Alan Moore's Dark Age of Marvelman
In Marvelman, Alan Moore seeks to establish a benign global dictatorship because man can't be trusted to make its own decisions. This is in contrast to Moore's V For Vendetta, where the hero creates anarchy to build choice for the people.
BLACK and white reprints of Fawcett's Captain Marvel were extremely popular in post-war Britain for L. Miller & Son. When Fawcett ceased publishing the title off the back of their lawsuit by DC over Captain Marvel's similarities to Superman - who they were typically out-selling - Mick Anglo created Marvelman for the London-based publisher as a replacement. The whimsical adventures of Micky Moran - who becomes Marvelman when he shouts "Kimota!" - and sidekicks Young Marvelman and Kid Marvelman, could never foresee the troubles to come. When Alan Moore revived the strip for an adult sensibility in the Warrior launch of 1982, it was the start of a decades-long pit of rights-issues and insider frictions. Eclipse started to reprint colourised stories in 1985, calling their comic Miracleman to avoid legal compaints from Marvel, who would eventually reprint the run themselves.
Within the comics Bronze Age (1970 - 1985), the influence of underground comix and shifting political tides meant that the medium was increasingly aimed at adults, exploring topics such as drugs and racism. By the mid-1980's, the growth of comic shops and direct distribution spawned the Modern Age; pessimistically it was also a Dark Age, a perfect storm for experimental writers, artists and publishers. Moore was the pioneer of deconstructing characters, in this case taking Anglo's light-hearted and downright silly Marvelman family - and their mad scientist nemesis Gargunza - into the unchartered territories of modern London. Gargunza was now an ex-Nazi agent, Moran an overweight unhappily married man, and Kid Marvelman - Johnny Bates - the sadistic head of Sunburst Cybernetics. As Moore explains in the then superhero-waning world, "the idea of taking something as innocent and charming and harmless as Marvelman and dumping him in Mrs Thatcher's Britain - there was something poignant about that ... for all that it was a reinvention, there was an element of epitaph as well."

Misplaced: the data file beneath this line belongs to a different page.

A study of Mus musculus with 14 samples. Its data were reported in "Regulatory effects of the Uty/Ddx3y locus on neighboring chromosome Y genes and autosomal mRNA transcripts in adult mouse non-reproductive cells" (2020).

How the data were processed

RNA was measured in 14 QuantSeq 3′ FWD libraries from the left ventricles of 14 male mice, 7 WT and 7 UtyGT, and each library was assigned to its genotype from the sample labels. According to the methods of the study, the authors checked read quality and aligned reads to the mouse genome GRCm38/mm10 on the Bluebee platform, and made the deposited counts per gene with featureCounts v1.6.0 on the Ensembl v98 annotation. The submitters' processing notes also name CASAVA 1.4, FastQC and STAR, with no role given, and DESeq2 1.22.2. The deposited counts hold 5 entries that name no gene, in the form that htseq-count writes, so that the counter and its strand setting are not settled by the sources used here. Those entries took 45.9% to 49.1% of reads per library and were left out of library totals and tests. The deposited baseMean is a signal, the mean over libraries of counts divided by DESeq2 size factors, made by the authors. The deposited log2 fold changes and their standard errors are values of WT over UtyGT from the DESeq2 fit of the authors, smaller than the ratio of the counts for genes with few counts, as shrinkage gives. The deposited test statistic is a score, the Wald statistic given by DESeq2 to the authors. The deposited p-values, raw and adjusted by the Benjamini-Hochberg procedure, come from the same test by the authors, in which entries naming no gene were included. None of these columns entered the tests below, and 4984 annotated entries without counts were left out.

Here's Johnny! “Having exhausted all the humdrum cruelties known to man quite early in the afternoon, [Kid Miracleman] had progressed to innovations unmistakably his own.” During Bates' apocalyptic attack on London, the evil super-god is seen even reverting to cannibalism.
Moore's reinvention covered three "books": 'A Dream of Flying', 'The Red King Syndrome' and 'Olympus.' In the story, Marvelman views a file that reveals his entire experience as a superhero was a simulation as part of Project Zarathustra, which attempted to enhance the human body using alien technology. In a typically inspired Moore twist, Moran and the other subjects had been kept unconscious, their minds fed with stories plucked from comic books (the original stories) by researchers. Therefore Anglo's cartoon-like strips literally became a thing of memory, with Moore instead exploring what it would be like for a man to come to terms with super powers. This particularly effected Moran's wife Liz, who becomes caught in a bizarre love triangle, and gives birth to a super-daughter in a anatomically-correct but gruelling sequence.
Moore's journey for Kid Marvelman is particularly deprived. Bates murders his secretary in front of his former mentor, and threatens to do the same to Marvelman's wife. Saying "Marvelman" by mistake while gloating over Moran's beaten form, Bates reverts to a traumatised youth. Placed in a mental facility, Kid Marvelman tempts him into becoming the mad superhuman again, and Johnny finally gives in when he is about to be raped by older boys at a group home. Kid Marvelman consequently butchers Johnny's attackers, then moves on to the rest of the facility (in a harrowing passage misprinted in Marvel's #15). Moore's tenure ends In a battle where Bates ravages London and horrifically murders much of the capital's population; Marvelman and his super-allies bring Earth into a totalitarian order, but a final conversation with Liz suggests that the superhero has lost his humanity and fears his utopia is ultimately harmful.